This was the first collegiate tournament freshman Brandon Matthews’ father was able to see his son play in. Matthews made it memorable for his father by winning the Big 5 Invitational at the Philmont Country Club in Huntingdon Valley, Pa., during the weekend.
“It feels great, it’s great to come in here and win your own tournament on your home turf,” Matthews said. “I’ve been really working hard the last couple weeks. Playing this course a lot really helps and I played it very well.”
Matthews carded a first-round score of five-over par 76 on Saturday, Oct. 13, but came back Sunday with a one-under 69 to win the tournament.
Matthews spent about an hour on the range with coach Brian Quinn and his father after his round on Saturday. The freshman struggled hitting his driver all afternoon, not putting himself in position to hit low scores.
On day two, Matthews shot the one-under par round of 69 in front of about 10 family members and friends, which was good enough to give him a one-stroke victory against Binghamton sophomore Bryce Edmister and Princeton junior Greg Jarmas. Matthews said it felt amazing to be able to win on Temple’s home course with so many people who have been close to him since he was a junior golfer.
“Playing like I did with family and friends here was the best feeling in the world,” Matthews said. “For them to be here and watch me do this is absolutely great.”
Matthews holds a very close relationship to his father, Ted Matthews, who has mentored his golf game almost his entire life. Due to the amount of traveling done by the golf team, this is the first time Ted Matthews was able to see his son golf in college.
“I wouldn’t want to be any other place,” Ted Matthews said. “It’s great to see him play this well at this level.”
Brandon Matthews wasn’t always primarily a golfer, his father said. He made the switch to golf from baseball around age 12. Once Brandon Matthews made golf a priority, his father said he knew his son had a special talent.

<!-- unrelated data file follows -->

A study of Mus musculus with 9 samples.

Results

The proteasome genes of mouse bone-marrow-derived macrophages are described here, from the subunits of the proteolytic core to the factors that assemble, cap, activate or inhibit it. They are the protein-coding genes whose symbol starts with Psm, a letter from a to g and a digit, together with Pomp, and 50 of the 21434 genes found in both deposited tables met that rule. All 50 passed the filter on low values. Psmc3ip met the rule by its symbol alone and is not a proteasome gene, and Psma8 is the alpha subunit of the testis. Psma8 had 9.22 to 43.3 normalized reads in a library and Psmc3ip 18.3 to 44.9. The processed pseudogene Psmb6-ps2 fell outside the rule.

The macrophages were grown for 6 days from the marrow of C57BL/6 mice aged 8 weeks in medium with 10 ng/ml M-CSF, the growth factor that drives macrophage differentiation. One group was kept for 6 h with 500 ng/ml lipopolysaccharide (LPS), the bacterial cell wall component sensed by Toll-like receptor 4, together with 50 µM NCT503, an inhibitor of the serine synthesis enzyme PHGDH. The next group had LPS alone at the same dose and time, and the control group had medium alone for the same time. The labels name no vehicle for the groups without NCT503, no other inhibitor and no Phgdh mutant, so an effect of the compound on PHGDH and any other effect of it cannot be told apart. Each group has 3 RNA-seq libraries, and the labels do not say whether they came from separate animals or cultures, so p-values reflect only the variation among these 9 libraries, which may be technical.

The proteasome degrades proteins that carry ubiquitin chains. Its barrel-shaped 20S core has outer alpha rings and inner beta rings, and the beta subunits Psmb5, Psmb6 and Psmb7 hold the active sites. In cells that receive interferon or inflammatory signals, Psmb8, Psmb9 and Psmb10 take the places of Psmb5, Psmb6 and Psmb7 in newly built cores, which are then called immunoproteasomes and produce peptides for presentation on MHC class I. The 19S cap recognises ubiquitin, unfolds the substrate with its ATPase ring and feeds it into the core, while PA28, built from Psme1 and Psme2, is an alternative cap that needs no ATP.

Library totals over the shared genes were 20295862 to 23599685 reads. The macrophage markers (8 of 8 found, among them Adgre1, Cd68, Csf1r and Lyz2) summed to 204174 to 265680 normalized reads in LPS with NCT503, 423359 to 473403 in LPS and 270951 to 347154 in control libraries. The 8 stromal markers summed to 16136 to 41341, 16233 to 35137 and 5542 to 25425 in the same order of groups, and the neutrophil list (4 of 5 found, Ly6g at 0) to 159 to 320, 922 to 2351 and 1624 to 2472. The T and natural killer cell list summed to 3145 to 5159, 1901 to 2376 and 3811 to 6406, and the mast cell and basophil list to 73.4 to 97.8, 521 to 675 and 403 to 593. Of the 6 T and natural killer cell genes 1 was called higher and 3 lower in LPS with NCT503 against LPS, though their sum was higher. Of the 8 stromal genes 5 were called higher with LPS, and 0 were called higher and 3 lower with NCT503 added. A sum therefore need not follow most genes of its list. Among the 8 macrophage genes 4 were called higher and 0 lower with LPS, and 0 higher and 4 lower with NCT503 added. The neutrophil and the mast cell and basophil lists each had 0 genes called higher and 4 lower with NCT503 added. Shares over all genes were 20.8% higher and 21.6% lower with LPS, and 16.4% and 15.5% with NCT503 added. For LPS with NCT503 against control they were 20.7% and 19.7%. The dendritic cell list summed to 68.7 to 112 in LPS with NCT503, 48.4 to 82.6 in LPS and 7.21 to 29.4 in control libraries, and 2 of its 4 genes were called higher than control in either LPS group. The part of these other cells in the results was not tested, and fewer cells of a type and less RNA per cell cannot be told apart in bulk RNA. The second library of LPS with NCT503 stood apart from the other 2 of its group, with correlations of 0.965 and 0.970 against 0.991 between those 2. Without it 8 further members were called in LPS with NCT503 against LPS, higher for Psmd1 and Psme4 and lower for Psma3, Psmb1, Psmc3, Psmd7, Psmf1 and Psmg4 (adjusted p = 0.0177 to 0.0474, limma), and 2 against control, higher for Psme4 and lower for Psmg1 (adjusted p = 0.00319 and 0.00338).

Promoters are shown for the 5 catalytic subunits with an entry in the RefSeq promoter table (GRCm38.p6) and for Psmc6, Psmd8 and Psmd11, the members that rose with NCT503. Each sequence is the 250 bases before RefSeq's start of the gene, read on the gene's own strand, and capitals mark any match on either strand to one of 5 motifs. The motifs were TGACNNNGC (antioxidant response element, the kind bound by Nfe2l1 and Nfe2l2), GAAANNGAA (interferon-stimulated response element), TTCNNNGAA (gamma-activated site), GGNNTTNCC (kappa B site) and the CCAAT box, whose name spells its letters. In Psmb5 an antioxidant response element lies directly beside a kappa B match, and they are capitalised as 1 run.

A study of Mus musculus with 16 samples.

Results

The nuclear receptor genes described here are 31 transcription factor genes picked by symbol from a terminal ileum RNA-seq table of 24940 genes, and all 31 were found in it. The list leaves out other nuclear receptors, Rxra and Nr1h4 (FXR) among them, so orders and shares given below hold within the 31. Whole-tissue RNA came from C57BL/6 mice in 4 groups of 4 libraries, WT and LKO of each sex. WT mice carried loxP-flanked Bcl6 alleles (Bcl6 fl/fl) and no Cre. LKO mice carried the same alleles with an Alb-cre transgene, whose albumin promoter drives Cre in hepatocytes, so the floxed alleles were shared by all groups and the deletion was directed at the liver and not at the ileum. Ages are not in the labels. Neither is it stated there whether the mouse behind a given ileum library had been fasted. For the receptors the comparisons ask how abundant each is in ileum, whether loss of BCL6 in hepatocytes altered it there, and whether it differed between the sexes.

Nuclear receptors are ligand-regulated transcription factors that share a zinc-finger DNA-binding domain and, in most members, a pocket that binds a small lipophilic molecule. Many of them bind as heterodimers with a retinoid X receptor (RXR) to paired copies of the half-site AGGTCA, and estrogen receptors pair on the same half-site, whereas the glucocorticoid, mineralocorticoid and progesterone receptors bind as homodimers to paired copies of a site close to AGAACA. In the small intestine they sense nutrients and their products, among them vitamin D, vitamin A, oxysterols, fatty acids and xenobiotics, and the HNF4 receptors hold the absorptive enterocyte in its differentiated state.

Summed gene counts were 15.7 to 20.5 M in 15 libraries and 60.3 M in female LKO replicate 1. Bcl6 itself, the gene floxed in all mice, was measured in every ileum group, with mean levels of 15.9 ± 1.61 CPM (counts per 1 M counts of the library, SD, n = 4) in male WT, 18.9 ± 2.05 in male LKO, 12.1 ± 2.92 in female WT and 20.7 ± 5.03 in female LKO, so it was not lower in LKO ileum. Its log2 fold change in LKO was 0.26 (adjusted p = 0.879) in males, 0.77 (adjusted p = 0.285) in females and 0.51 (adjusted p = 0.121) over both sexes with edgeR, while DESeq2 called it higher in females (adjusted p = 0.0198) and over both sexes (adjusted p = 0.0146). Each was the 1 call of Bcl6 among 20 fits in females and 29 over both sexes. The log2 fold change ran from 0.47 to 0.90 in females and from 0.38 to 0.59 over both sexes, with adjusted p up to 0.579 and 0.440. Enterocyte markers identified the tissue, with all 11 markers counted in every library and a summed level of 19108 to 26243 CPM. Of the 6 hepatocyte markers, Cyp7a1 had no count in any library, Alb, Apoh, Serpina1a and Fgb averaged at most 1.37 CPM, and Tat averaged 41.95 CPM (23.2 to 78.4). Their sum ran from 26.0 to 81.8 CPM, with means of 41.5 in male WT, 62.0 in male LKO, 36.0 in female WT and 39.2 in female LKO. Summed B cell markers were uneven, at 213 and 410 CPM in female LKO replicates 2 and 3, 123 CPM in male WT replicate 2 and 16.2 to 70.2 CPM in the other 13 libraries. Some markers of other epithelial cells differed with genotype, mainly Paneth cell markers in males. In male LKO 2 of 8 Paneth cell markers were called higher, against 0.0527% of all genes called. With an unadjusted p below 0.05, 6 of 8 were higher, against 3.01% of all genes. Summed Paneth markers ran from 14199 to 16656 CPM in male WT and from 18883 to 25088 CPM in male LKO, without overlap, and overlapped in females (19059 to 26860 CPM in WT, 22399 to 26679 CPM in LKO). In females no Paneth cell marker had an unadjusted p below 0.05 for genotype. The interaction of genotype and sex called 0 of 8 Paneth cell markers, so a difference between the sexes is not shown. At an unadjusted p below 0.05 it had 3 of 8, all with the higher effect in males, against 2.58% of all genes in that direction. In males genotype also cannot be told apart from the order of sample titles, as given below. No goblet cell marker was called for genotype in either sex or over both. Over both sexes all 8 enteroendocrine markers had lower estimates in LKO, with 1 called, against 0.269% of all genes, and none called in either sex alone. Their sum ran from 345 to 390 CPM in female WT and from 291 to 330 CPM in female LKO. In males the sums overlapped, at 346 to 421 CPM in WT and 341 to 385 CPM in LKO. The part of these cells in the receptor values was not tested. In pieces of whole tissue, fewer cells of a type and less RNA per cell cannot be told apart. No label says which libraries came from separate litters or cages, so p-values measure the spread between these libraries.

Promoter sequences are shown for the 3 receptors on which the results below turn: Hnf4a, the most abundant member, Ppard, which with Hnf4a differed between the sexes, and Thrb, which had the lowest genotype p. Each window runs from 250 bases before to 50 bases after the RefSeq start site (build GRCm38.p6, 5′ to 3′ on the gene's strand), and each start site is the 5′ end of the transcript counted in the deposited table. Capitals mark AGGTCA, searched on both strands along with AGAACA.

“He played a lot of baseball and it really transitioned into a golf swing and really took to the game a lot,” Ted Matthews said. “Baseball took a backseat to golf, we worked hard at it and [this] is an accomplishment of what we worked on for all this time.”
Quinn reiterated what he has said of Brandon Matthews prior. The freshman has won three Atlantic 10 Conference Rookie of the Week awards and one A-10 Player of the week and will probably add another of each, but there is still more untapped potential that is to be desired, Quinn said.
“Brandon [Matthews] played really well winning the tournament. Once again I think he could’ve played a lot better though,” Quinn said. “I think he made a couple of decisions out there that cost him a few shots and made him work really hard to win that tournament individually.”
Brandon Matthews showed great resiliency coming down the stretch on Sunday after a three-putt bogey on hole 16. He went on to make a birdie on the par-three 17th that he made a double-bogey on in the first round. He followed that with a bunker save for par on 18, which he concluded dramatically with a Tiger Woods-style fist pump when his 15-foot putt went in the hole.
As a team, the Owls finished sixth overall, and came in first amongst the Big 5 schools, but Quinn said there was more to be desired from his team who gave away a lot of shots.
“I’m looking at trying to win the whole tournament, quite honestly our finish [Saturday] is what kind of cost us that,” Quinn said. “I’m overall happy with the way the kids hung in there but I expect them to play a little bit better than they played. They can certainly play a lot better.”
Senior Devin Bibeau was 10 shots higher than his freshman teammate, shooting a two-day total of 155. Following Bibeau and Brandon Matthews were junior Matt Crescenzo (156), sophomore Paul Carbone (165) and junior Russell Hartung (165).
Last week Quinn said Philmont would be playing like a professional golf course. He wasn’t exaggerating, as the winning team, the Hartford Hawks, finished with an overall score of (+49). He credited Philmont with setting up such a challenging golf course.
“The course played extremely difficult, it was a championship setup and the greens were really fast,” Quinn said. “The kids had a little trouble adjusting to the greens, the better players jumped leaps and bounds as they adjusted and Brandon [Matthews] is a perfect example.”
Temple has one tournament left on its fall schedule, at the St. Barnabas Health Intercollegiate held at Fairmont Country Club in Chatham, N.J., this weekend. Quinn said this team still has to keep working to get where they want to be on the leader board, mainly in the area of giving away shots with bad decisions.
“We still all have quite a bit of work to do so we’re not giving away any shots, that’s the key,” Quinn said. “If we can learn to be a little bit more frugal with our shot making and our decisions, I think we’ll start doing a little bit better.”
Anthony Bellino can be reached at email@example.com or on Twitter @Bellino_Anthony.